A TOP Eurocrat has congratulated Spain on its exit from a banks bailout programme, but warned there is no room for complacency.
The Spanish financial sector bailout programme has now formally ended 18 months after it started. Vice President Ollie Rehn of the European Commission, said: “Spanish financial markets have stabilised, banks have increased liquidity, their solvency position remains comfortable, deposits have been rising and access to funding markets has been improving.
“The restructuring of banks having received state aid is well underway, guided by the restructuring plans adopted by the European Commission. The governance, regulatory and supervisory framework of the banking sector has been significantly strengthened, so as to ensure that the irresponsible practices which led to the crisis in the first places will not be repeated.”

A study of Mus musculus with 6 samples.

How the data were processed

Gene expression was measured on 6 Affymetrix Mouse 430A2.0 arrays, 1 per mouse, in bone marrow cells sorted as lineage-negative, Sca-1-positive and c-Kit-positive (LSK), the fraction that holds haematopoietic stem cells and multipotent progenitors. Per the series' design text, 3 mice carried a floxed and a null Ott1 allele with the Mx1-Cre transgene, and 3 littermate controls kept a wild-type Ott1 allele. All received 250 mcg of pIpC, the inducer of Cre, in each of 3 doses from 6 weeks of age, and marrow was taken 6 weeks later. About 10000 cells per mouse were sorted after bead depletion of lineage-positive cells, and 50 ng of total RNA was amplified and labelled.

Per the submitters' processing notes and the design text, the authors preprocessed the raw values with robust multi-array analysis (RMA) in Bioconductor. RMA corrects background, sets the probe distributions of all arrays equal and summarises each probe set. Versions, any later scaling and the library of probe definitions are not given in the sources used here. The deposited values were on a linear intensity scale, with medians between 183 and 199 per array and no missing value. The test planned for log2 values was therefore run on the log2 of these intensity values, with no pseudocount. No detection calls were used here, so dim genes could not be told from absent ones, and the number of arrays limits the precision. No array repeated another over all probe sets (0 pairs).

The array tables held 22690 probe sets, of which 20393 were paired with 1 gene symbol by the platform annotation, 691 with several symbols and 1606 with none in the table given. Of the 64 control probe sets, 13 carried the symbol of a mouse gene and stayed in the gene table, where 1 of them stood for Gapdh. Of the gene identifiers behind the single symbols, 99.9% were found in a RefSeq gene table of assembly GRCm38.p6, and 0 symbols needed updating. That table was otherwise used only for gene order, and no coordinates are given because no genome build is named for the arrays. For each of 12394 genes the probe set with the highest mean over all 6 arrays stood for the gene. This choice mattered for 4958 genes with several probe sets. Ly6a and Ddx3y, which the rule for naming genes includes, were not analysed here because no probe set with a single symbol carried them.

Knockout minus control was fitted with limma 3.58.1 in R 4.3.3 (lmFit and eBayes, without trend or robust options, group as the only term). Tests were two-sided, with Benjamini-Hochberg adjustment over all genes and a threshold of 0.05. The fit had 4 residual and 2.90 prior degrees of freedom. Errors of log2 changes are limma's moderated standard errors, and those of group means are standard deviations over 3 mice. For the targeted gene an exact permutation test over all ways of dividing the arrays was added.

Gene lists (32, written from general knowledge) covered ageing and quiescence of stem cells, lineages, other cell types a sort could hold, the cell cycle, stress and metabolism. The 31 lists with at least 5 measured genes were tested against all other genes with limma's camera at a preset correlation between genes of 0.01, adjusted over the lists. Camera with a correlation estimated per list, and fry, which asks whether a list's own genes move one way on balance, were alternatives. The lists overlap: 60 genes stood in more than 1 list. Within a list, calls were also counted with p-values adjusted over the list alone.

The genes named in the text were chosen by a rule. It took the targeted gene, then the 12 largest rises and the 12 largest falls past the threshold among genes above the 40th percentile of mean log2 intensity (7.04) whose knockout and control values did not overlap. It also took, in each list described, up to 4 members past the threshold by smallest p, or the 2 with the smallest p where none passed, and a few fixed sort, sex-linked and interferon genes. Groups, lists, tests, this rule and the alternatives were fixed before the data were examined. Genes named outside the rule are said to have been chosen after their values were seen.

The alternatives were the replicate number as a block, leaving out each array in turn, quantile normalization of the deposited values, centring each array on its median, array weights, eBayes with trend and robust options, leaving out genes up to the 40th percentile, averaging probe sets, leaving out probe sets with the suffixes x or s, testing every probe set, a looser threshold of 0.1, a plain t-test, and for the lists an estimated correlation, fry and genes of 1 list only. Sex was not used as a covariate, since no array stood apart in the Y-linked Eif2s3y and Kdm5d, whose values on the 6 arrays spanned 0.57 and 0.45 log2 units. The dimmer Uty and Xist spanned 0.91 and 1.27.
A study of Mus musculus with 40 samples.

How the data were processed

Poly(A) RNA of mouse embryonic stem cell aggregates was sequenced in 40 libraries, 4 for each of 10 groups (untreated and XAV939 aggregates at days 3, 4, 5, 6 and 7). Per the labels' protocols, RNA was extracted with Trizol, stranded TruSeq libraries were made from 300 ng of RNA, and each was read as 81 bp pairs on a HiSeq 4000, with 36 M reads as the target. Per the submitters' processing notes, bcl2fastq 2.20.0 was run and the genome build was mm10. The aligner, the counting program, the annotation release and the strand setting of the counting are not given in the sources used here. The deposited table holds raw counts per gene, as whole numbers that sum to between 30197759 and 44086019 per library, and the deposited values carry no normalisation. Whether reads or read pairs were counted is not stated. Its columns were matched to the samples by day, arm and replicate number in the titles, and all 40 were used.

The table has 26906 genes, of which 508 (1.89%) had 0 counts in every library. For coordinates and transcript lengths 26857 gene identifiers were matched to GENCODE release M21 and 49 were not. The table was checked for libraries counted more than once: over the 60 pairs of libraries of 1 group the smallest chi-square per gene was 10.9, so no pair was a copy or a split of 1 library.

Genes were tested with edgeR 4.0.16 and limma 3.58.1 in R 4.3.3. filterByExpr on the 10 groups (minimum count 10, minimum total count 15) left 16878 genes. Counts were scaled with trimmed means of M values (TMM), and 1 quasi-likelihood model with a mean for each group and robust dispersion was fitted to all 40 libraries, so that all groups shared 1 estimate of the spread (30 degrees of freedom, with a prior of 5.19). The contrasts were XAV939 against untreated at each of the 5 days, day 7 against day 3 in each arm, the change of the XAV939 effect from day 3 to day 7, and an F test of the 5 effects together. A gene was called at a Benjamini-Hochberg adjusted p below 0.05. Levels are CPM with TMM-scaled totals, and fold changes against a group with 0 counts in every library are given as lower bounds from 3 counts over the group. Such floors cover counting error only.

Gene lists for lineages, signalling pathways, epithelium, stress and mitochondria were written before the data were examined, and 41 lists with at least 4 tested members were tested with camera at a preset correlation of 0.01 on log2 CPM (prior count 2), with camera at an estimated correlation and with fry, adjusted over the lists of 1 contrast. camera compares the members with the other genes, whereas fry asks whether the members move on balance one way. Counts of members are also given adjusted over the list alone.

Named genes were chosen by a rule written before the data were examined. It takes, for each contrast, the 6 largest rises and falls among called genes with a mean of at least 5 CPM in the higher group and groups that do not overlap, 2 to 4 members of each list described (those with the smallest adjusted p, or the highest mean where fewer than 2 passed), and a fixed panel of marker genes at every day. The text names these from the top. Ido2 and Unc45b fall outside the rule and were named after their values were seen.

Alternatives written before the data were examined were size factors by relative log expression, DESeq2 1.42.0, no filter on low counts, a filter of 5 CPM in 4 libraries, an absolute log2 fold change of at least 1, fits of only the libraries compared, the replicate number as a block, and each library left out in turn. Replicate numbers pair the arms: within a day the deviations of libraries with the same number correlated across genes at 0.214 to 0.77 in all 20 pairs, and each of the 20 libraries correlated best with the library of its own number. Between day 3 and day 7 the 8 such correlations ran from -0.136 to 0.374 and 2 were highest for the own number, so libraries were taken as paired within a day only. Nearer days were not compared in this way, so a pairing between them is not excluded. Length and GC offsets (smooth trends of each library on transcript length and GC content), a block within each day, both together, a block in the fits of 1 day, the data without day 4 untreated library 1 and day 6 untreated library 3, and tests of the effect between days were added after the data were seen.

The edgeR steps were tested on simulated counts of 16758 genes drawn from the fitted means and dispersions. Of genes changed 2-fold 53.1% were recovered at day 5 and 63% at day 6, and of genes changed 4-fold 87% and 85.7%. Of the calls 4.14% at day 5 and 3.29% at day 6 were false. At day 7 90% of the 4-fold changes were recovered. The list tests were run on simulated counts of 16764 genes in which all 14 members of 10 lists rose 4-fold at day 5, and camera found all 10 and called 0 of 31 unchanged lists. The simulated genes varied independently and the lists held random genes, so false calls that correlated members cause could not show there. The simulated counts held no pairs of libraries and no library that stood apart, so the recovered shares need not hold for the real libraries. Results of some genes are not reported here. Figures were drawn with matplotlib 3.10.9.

He added: “The programme has achieved its twin objectives of repairing and reforming the Spanish financial sector, and in so doing, helping to create a sound basis for the economic recovery. These efforts have been carried out alongside major structural reforms aimed at restoring competitiveness, and significant fiscal consolidation to ensure the sustainability of public finances.”
But he added that despite the successes of 2013, there was still a long way to go.
“The challenges facing Spain remain considerable and there should be no complacency. Efforts must continue to deliver a steady and sustained fall in unemployment, which remains dramatically high. Reforms must be pursued and fiscal consolidation must proceed as agreed.”
Ending on a positive note he added. “Nonetheless, today we can conclude that the programme has worked. Thanks to the Spanish authorities’ determined efforts and the support and solidarity of the euro area Member States, confidence in the Spanish economy has returned, and justifiably so.”